Community / 5 April 2017

BandLab User Interview: Nathan Taylor

The Real American Dad

This American makes no bones about who he is. A glance at his BandLab bio will tell you three things — he’s a “husband”, “father” and “guitarist”. He lists his talents as playing the guitar and songwriting.

As for his favourite genre of music, he simply states, ‘rock’. And that’s all he needs you to know. What an efficient dude.

What we’d like you to know, however, is that this guy is great fun to listen to. We’re sure his 1,700 plus followers agree. He sounds like a grinning fanboy rocking out with his electric guitar. 

Nathan Taylor is what it looks like to still love music when you’re a father-of-three. He tells BandLab more.

What is the thing that makes Nathan Taylor, Nathan Taylor?

I would describe myself as passionate. My wife might describe me as obsessive, but I would go with passionate. Whether it’s music, whether it’s art with the kids, whether it’s building things out of wood, whether it’s cake decorating with my wife, I try put my whole heart into whatever I’m doing. I try to make it as good as I can, or at least put my mark on it.

We can certainly respect that. What makes you respect your music heroes?

In a broad sense, I’d say I admire any artist that is willing to put themselves out there. Willing to wear their heart on their sleeve and try to express themselves through their art or their music. It takes a lot to put yourself out there.

Who’s a famous artist that you admire?

If the artist I’d admire has to be famous, I would say John Petrucci. He’s technically awesome, has a vast understanding of what he’s trying to convey, and how to get there. But apart from that, he strikes me as a very humble and down-to-earth person.

Why drives you to write songs and make music?

I make music because it’s the best way I can express myself without actually having to say anything. The music speaks for itself. The hope is that people will listen to it and gravitate towards it; potentially even participate in the conversation. Music is interesting that way, because if you have a bunch of people trying to talk at the same time, that won’t work out so well. But in a band atmosphere, in a collaborative atmosphere, you tend to give people time to talk, while making space for them to be heard. Potentially, you can build upon what they are saying, or react to that.

Tell us about a meaningful moment in music for you.

I remember once, going to the local Chinese restaurant, and participating in the open mic blues night that they had. It was a very interesting experience, trying to play with three other confident musicians without knowing them, or going over any material beforehand.

I had three ideas that I wanted to try, my thought was to play in a group atmosphere, live, and try not to spend a lot of time setting up. I wanted to go on stage, plug into the amp, and see what happens.

Playing the open mic was special to me because it set aside my anxiety of playing in front of people. It made me set aside my feelings of how good I thought my material was, and I just performed for myself. I performed because I wanted to. Regardless of how it was perceived, or what anybody thought of it, I wanted to play.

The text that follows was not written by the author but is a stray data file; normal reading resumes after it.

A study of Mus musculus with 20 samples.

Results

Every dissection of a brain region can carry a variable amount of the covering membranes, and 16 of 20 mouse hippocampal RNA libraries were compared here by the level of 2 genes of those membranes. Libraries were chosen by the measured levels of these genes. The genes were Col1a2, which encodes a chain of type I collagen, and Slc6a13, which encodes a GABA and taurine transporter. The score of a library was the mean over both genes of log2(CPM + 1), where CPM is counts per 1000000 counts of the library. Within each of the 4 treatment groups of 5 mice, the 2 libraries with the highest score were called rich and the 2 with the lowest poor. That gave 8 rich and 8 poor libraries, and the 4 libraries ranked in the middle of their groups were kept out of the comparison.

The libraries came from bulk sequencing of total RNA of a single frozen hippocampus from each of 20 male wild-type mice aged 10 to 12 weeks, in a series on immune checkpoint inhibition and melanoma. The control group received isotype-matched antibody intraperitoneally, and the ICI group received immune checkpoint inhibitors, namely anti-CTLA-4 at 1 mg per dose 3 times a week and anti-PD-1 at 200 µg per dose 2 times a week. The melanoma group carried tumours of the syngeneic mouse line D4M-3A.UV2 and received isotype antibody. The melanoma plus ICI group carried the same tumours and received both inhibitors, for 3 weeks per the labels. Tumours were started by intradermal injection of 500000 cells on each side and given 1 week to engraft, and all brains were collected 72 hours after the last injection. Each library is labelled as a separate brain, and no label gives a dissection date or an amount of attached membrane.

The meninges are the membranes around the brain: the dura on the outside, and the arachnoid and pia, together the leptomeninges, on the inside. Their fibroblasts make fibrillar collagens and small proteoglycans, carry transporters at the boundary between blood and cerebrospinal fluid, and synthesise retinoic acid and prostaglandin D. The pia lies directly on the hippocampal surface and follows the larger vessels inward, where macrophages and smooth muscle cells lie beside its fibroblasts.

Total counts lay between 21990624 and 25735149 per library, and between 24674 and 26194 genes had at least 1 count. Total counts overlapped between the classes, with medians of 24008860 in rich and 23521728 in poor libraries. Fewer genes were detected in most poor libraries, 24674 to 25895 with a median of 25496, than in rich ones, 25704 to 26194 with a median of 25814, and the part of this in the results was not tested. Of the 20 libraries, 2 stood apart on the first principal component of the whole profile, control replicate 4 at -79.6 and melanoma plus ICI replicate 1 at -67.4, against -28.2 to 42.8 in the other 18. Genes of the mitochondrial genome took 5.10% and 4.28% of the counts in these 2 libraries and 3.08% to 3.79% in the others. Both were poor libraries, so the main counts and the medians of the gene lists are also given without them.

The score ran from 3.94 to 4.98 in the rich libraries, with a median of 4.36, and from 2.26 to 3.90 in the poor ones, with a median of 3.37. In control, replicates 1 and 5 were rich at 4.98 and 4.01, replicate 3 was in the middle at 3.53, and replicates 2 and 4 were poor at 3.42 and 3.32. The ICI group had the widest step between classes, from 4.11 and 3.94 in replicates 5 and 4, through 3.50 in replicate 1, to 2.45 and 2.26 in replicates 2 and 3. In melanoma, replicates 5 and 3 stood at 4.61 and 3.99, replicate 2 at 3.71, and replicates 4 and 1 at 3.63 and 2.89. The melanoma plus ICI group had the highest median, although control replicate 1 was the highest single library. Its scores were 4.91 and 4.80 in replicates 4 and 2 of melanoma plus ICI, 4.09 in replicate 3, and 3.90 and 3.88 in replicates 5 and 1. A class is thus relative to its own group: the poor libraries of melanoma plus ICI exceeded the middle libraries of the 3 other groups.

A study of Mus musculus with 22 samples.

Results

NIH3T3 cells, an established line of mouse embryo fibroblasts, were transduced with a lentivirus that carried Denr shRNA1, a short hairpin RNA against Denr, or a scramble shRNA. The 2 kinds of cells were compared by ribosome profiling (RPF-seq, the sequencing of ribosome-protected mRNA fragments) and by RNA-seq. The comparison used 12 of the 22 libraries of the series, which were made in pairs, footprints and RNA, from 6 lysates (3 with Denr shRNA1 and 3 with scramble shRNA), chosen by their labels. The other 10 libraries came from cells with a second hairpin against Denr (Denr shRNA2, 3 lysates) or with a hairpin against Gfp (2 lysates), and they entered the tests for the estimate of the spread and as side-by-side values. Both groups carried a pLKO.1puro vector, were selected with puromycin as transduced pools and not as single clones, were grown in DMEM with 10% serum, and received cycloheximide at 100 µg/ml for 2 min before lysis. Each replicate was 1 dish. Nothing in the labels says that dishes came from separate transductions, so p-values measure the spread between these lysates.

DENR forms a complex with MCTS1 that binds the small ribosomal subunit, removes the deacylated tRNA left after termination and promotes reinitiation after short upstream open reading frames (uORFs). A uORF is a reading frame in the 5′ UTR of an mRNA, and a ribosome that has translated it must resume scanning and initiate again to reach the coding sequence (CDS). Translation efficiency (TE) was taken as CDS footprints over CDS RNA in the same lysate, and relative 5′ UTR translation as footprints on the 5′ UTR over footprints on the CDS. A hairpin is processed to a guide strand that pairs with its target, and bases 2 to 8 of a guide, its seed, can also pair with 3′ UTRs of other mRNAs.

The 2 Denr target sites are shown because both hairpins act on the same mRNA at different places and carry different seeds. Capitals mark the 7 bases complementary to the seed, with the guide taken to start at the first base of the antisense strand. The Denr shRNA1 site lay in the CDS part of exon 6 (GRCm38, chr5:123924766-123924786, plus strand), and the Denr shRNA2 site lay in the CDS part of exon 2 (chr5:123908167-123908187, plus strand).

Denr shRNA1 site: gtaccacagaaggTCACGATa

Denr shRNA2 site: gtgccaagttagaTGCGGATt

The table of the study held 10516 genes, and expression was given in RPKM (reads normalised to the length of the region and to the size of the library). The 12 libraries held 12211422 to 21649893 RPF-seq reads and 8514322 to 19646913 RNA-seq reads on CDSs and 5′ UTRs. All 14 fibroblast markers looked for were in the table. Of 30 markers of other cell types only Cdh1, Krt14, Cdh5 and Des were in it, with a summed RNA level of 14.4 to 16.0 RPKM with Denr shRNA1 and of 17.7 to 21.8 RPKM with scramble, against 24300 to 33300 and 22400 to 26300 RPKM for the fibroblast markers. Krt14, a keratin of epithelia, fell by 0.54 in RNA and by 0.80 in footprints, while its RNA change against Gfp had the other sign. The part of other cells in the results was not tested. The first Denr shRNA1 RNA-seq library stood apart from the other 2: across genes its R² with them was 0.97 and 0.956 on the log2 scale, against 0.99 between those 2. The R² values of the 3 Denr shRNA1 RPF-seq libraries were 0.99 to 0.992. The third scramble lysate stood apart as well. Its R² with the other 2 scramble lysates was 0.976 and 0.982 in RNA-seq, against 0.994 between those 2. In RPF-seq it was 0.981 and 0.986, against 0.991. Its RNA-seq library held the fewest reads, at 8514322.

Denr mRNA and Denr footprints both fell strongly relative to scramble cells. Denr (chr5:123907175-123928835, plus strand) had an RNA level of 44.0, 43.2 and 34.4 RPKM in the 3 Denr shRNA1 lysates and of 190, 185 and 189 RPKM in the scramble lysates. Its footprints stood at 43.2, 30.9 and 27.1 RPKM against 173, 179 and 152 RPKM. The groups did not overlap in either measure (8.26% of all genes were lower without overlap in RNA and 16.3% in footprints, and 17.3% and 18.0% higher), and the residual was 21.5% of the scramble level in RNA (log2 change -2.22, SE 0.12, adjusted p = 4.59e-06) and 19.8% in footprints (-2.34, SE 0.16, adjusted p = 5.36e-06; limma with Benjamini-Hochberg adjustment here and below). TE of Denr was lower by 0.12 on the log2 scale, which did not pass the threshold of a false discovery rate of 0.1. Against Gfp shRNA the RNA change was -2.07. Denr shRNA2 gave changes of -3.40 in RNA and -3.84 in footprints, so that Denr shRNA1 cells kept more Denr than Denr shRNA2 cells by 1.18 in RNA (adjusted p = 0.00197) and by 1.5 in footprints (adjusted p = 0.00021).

Share with us how you use BandLab.

I use BandLab as an idea-bucket. A means to capture an idea in the moment as it’s happening, without trying to spend too much time on setup. Setting up the mics, the cabinet, making sure that I can be loud, or not, or whatever, takes up time.

BandLab gives me the ability to just be able to take the voice notes, or even record the tracks right on my phone. It’s nice that I’m able to annotate things about the particular track. In the project creation I can take a picture of the pedal that I may be using to create a particular sound so that I can reproduce that. I can even write down notes for the progression on what the actual proper version is, how many times, so on and so forth. It’s a good way to consolidate ideas as they come out.

How did you discover BandLab?

How did I hear about it? I came across it by chance. It was in an ad somewhere online, it was on a webpage, or something like that. It boasted collaboration, and being an artist that’s working alone, I thought that would work out real well. I could do a lot of stuff on-the-go, or by myself, so I said, “Hey, I’ll just sign up for this and see where it goes.”

What would your superhero power be?

If I could be a superhero, I’d go with Mr. Incredible. Basically because he’s super, he’s got all the powers that you want, super strength and all that. But beyond that he’s one of the few superheroes that gets to have a family.

There aren’t many that get to have the full experience. He gets to save the world, but then he also gets to have the love and fulfilment that goes along with actually having a family. Children, it’s one of the highlights of life, so to say. So to be a superhero without that (children) wouldn’t mean anything to me. But to have the best of both worlds, that’s a big win.